Published: at 06:15 PM

A comprehensive guide about hotspots in your codebase, cognitive complexity and avoiding disasters by being proactive. An article inspired by the book “Your Code as a Crime Scene” by Adam Tornhill with practical examples.


It is a book that I highly recommend to anyone who is interested in software development, especially if you are a software engineer, team lead, or architect.

So, what is actually a hotspot?

To gain a deeper understanding of this concept, let’s take a moment to explore the realm of the criminal world.

Locations where crimes occur are rarely just a simple point on a map. They usually follow a pattern and are often near the actual location of the offender.

Maybe you’ve seen this in movies, where detectives use a map with pins and strings to connect them or draw big circles to see where the crimes overlap. In the software world, just like in the criminal one, we can also pinpoint hotspots.

These are the places in our codebase that can cost us a lot of time and money if they are not addressed properly.

OK, but how to find hotspots in your project?

The first step is to identify the needs of your project. The techniques can vary depending on the size of the codebase, the number of developers, the complexity of the project, and so on.


CodeCity is a simple and intuitive tool for software analysis.

It provides a visual representation of your codebase, where each package is represented as a city block and each class is depicted as a building. The height of the building corresponds to the number of methods, while the base represents the number of attributes.

If you want to know more about CodeCity, or even try it out, you can find it here.

Below is an example of a CodeCity visualization: codecity

In this visualization, we can easily identify the hotspots. The tallest building, which is also the most intense in color, represents the biggest hotspot in this case, which would be a good starting point for further analysis.

Note: While CodeCity is a fun tool, you should use it with other tools and techniques to get a complete picture of your threats and potential bottlenecks.


Researchers proved that the frequent changes to the same code generally indicate declining quality of the code.

So, in order to have a clear picture of our possible bottlenecks, we need to combine the complexity of the code with the frequency of changes.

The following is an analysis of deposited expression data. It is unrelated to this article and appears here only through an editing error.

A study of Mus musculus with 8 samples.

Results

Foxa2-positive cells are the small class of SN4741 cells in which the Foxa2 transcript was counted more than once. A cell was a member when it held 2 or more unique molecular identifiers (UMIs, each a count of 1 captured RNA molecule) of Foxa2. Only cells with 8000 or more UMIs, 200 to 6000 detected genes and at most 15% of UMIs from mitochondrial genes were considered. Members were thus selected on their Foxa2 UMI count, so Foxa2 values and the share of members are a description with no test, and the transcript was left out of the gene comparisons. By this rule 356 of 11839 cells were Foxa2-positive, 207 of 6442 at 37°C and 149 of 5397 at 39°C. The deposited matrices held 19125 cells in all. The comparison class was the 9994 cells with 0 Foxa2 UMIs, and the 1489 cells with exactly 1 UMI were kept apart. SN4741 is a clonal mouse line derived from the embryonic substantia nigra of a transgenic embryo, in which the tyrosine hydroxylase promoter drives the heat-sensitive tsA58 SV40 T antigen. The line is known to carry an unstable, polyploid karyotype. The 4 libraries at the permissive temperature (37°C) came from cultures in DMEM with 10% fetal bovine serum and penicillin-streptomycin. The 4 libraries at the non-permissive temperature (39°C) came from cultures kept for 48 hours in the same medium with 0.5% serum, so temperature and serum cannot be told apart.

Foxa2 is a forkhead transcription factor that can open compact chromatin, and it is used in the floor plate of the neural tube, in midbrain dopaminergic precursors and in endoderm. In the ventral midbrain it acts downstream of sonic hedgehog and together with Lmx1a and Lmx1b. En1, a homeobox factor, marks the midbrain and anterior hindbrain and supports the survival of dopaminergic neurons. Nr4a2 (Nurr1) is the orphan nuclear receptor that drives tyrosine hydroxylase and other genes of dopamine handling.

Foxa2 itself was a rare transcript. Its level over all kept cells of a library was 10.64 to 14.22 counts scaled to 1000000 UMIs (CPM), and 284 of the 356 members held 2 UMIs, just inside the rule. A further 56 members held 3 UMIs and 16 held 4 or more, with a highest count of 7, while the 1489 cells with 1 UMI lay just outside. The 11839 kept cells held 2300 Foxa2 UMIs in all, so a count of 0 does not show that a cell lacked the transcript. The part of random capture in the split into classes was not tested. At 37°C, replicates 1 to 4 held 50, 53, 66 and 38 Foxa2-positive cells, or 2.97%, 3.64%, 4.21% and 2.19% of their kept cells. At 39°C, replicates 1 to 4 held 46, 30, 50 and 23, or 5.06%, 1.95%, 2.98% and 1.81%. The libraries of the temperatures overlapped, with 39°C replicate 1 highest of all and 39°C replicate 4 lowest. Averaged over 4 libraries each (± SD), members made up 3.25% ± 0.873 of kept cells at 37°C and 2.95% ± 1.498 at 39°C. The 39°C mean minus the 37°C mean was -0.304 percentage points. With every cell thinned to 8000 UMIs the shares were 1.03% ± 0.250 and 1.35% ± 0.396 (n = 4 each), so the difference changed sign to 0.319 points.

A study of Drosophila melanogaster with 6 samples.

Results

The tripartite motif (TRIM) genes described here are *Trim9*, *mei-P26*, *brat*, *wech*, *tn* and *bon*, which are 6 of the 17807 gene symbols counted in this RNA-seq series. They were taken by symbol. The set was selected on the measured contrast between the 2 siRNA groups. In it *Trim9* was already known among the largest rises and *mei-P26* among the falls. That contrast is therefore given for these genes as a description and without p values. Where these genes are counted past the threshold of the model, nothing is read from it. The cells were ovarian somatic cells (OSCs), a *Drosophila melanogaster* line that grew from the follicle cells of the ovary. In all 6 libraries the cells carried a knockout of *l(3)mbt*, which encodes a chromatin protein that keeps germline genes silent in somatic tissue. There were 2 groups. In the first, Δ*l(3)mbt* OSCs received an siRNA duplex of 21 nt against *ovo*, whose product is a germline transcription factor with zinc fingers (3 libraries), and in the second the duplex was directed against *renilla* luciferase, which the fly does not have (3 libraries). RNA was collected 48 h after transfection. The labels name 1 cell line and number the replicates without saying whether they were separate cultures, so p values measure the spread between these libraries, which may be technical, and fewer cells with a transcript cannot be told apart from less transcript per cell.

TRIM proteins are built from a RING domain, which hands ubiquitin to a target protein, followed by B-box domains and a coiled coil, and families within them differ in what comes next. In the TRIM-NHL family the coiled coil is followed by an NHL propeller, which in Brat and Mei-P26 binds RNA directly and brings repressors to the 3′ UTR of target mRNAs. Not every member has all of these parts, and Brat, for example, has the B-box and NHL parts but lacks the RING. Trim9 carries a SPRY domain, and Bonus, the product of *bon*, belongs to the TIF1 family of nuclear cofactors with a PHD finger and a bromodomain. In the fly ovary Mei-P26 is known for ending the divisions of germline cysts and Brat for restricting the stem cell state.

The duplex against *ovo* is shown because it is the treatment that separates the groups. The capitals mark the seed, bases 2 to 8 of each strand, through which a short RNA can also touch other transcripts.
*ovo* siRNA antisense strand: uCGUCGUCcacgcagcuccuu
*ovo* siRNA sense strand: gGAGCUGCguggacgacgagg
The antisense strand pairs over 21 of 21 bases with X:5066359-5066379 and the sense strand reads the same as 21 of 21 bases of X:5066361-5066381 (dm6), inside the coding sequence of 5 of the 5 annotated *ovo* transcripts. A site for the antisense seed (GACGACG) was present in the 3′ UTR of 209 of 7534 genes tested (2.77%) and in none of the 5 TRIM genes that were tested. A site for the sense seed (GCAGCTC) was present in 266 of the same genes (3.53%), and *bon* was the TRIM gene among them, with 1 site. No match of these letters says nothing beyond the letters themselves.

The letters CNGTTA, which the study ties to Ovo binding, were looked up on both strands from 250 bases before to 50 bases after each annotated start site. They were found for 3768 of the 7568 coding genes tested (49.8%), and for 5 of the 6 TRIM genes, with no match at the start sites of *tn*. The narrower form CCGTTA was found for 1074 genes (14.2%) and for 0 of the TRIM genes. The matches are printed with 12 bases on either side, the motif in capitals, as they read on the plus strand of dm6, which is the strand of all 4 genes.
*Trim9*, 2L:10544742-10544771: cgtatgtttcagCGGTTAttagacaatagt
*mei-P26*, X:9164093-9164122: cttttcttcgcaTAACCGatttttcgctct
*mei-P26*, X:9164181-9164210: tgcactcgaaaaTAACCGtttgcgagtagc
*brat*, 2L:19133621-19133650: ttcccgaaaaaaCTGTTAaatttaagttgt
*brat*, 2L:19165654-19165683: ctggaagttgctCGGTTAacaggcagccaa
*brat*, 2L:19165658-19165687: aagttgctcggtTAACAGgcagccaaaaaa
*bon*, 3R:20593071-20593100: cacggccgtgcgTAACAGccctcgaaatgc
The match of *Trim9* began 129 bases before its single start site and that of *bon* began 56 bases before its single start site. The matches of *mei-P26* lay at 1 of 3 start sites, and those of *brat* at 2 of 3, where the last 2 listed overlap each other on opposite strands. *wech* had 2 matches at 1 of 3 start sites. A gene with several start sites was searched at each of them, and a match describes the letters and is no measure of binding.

Here is where CodeScene comes into play.

It connects to your GIT provider and analyzes the commits and pull requests to provide a clear visualization of your codebase.

It also provides a hotspot analysis, which is a great starting point for identifying the areas that need attention.

I took the liberty to fork the doctrine/orm repository and analyze it with CodeScene:


We can already see that doctrine/orm has a lot of hotspots, especially in the src directory.

One of the most interesting ones is the UnitOfWork.php file, which has been the subject of many changes and refactorings in the past. Its complexity grew exponentially over time, along with tight coupling with other classes.


Tip: CodeScene is actually developed by Adam Tornhill! You can have fun with it here.

Preventing measures

While most of the disasters cannot be predicted in real life, we have the privilege to prevent some of them in the software world.

I will present some of the most important measures that any developer or team lead should take which require minimal to none starting costs but can have huge impacts in the long run.

1. Quality of Code Reviews

Code Review should take an important part in the development process. A good and thorough code review can prevent a lot of hotspots from appearing in the first place.

What makes a code review effective:

2. Pair Programming

Pair programming is a technique where two developers work on the same code at the same time. It is a great way to prevent hotspots since the code is being reviewed by someone else in real-time.

3. Static Analysis

There are a lot of tools that can help you with static analysis when you write your code. For instance, in JetBrains IDEs, you can use the SonarLint extension to analyze your code on the fly.

Tip: I use the SonarLint extension along with the InlineError one. It is a great combination that helps visualize the issues in the code.

Here is a dummy example I wrote just to show you how it looks like:


The SonarLint extension identifies unused variables, popular code smells, and also calculates the cognitive complexity of your methods.

4. Team Knowledge

It is important to have a team that is knowledgeable about the codebase. This can be achieved by having a good onboarding process with strong confluence documentations for all the business and technical flows.

One good starting point is also to have a common knowledge sharing session, where each team member presents something notable he/she implemented in the past weeks.

Finding authors that contributed a lot to the codebase but are no longer in the team can also be a good starting point. Those areas are usually the most problematic ones since the current team members are not familiar with the code, and that area of the code may be a ticking time bomb.

5. Refactoring

Refactoring can also be a good example of how you can keep your code clean and avoid disasters.

Note: Large-scale refactorings should always be done only when you have real benefits from them. The costs of refactoring and the potential risks that come with it may outweigh the benefits.